Mitt Romney introduces Paul Ryan in Norfolk
With the USS Wisconsin serving as the backdrop, Republican presidential nominee Mitt Romney formally introduced Wisconsin Rep. Paul Ryan as his running mate this morning in Norfolk, Virginia, a very crucial battleground state.
Ryan will no doubt be a controversial pick. His budget proposals have been endlessly demagogued by President Barack Obama and Democrats in Congress. However, those same budgets have helped put the House GOP’s focus back on fiscal issues more than wedge social issues.
Over the last four years, President Obama has been unable to piece together a budget that could attract enough support to pass Congress. In fact, when Obama’s budget was brought up for a vote in the House, it was shot down unanimously. The Senate followed in May, rejecting Obama’s budget without a single vote in support.
While Obama’s campaign will no doubt be gunning for Romney’s running mate over his budget proposals — the “Roadmap for America’s Future” and the “Path to Prosperity,” don’t expect Ryan to back down. Ryan has taken on Obama before over fiscal policy, making the President’s rhetoric look cheap in the process.
However, some Republicans are nervous about picking Ryan. According to Politico, some Republicans are “fretting that this could be an intellectual version of Sarah Palin,” comparing the choice to “throwing a long ball.”
Introducing his running mate to the crowd gathered in Norfolk, Romney noted that Ryan doesn’t demonize or get personal in his disagreements with political opponents. He pointed Ryan’s character and values as what guides him along the way. Romney’s remarks did come with a humorous error, introducing Ryan as the “next President of the United States.” After Ryan took the podium, Romney walked back up laughing and said, “Every now and then I’ve been known to make a mistake. But I did not make a mistake. This man will be your next Vice President!”
It’s clear from the remarks made this morning by Ryan, that this Republican ticket is making their case largely on the economy. During his speech this morning in Norfolk, Ryan called the economic recovery under President Obama the “worst…in 70 years.” He explained, “Unemployment has been above 8 percent for more than three years, the longest run since the Great Depression. Families are hurting.”
“Nearly 1 out of 6 Americans are in poverty—the worst rate in a generation. Moms and dads are struggling to make ends meet,” said Ryan. “Household incomes have dropped by more than $4,000 over the past four years. Whatever the explanations, whatever the excuses, this is a record of failure.”
Ryan noted the background of his district, which Janesville, Kenosha, and Racine. He explained that he has “seen and heard from a lot from families, from those running small businesses, and from people who are in need.” But Ryan explained the most concerning part of what he hears from these people are “diminished dreams, lowered expectations, and uncertain futures.”
Ryan also fought back against recent claims that the economy, as it stands now, is the status quo. To that Ryan said, “High unemployment, declining incomes and crushing debt is not a new normal. It’s the result of misguided policies.”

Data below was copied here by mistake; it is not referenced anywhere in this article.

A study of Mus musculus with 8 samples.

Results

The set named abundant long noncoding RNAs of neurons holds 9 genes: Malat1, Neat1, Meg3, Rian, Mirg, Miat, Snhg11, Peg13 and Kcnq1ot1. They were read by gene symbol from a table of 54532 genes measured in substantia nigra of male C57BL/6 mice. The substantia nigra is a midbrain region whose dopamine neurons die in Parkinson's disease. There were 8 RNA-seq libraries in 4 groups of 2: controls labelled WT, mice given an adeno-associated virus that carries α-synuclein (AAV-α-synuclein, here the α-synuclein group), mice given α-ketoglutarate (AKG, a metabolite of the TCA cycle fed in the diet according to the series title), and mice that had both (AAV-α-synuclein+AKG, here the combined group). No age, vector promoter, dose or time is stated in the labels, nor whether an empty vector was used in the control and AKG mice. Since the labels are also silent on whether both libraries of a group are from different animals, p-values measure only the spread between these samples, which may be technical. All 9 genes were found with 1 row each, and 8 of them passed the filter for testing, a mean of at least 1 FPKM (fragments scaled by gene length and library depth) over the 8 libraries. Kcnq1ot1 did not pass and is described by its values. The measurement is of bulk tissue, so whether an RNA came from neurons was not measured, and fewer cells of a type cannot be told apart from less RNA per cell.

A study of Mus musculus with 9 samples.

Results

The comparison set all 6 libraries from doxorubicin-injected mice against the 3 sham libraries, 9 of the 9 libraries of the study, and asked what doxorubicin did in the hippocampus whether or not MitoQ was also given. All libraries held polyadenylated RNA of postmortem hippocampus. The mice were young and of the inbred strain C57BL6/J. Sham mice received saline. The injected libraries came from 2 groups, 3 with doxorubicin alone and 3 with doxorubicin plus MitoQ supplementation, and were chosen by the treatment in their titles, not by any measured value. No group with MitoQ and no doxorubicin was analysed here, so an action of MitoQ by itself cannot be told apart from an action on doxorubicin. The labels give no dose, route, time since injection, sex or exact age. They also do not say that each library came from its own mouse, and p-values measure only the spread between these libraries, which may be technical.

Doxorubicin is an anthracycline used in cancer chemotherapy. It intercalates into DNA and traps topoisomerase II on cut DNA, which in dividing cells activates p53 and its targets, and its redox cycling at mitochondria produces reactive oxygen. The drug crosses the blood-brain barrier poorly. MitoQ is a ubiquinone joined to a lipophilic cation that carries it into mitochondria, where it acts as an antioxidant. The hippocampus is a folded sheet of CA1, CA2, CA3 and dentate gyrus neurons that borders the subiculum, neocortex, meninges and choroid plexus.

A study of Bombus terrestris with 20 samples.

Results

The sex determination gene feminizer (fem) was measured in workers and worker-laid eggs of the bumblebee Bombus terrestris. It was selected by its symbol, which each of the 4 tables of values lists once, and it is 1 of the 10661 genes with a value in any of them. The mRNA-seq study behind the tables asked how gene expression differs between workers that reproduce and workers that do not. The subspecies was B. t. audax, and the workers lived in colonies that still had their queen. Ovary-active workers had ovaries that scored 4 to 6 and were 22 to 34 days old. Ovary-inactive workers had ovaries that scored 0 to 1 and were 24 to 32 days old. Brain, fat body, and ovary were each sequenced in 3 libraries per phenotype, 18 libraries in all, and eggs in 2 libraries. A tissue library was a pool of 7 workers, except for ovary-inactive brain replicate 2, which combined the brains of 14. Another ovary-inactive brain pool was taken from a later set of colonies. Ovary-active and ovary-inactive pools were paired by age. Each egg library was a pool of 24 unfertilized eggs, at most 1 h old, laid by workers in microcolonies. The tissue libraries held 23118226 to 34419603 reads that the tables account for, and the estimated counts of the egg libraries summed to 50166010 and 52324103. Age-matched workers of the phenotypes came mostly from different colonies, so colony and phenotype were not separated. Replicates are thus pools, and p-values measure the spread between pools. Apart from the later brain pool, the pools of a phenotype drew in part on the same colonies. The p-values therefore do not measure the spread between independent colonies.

Taking a strong shot at comments made by President Obama last month in Roanoke, Virginia — the now-infamous “You Didn’t Build that Line,” Ryan said of Romney, “I’m proud to stand with a man who understands what it takes to foster job creation in our economy, someone who knows from experience, that if you have a small business—you did build that!”
Ryan noted that America isn’t just a country. It’s “an idea.” He went back to the Declaration of Independence to note that our rights “come from nature and God,” emphasizing that our nation was “founded on liberty” and the “consent of the governed.”
On the American Dream, Ryan proclaimed, “We Americans look at one another’s success with pride, not resentment, because we know, as more Americans work hard, take risks, and succeed, more people will prosper, our communities will benefit, and individual lives will be improved and uplifted.”
Ryan promised that he and Romney “won’t duck the tough issues. We will lead.” He added, “We won’t replace our founding principles. We will reapply them.” He challenged Americans with two questions, or as he called it — “a choice.” He asked, “What kind of country do we want to have? What kind of people do we want to be?”
Ryan closed his remarks, proclaiming, “I’m excited for what lies ahead and I’m thrilled to be a part of America’s Comeback Team. And together, we will unite America and get this done.”
The pick sets up an important discussion that the United States needs to have, but whether or not the discussion will be one where both sides will level with Americans — particularly Obama, who has done nothing but demagogue the economy and long-term liabilities. Ryan has already laid the foundation for reform. With his choice for a running mate, Romney has accepted it, for better or for worse.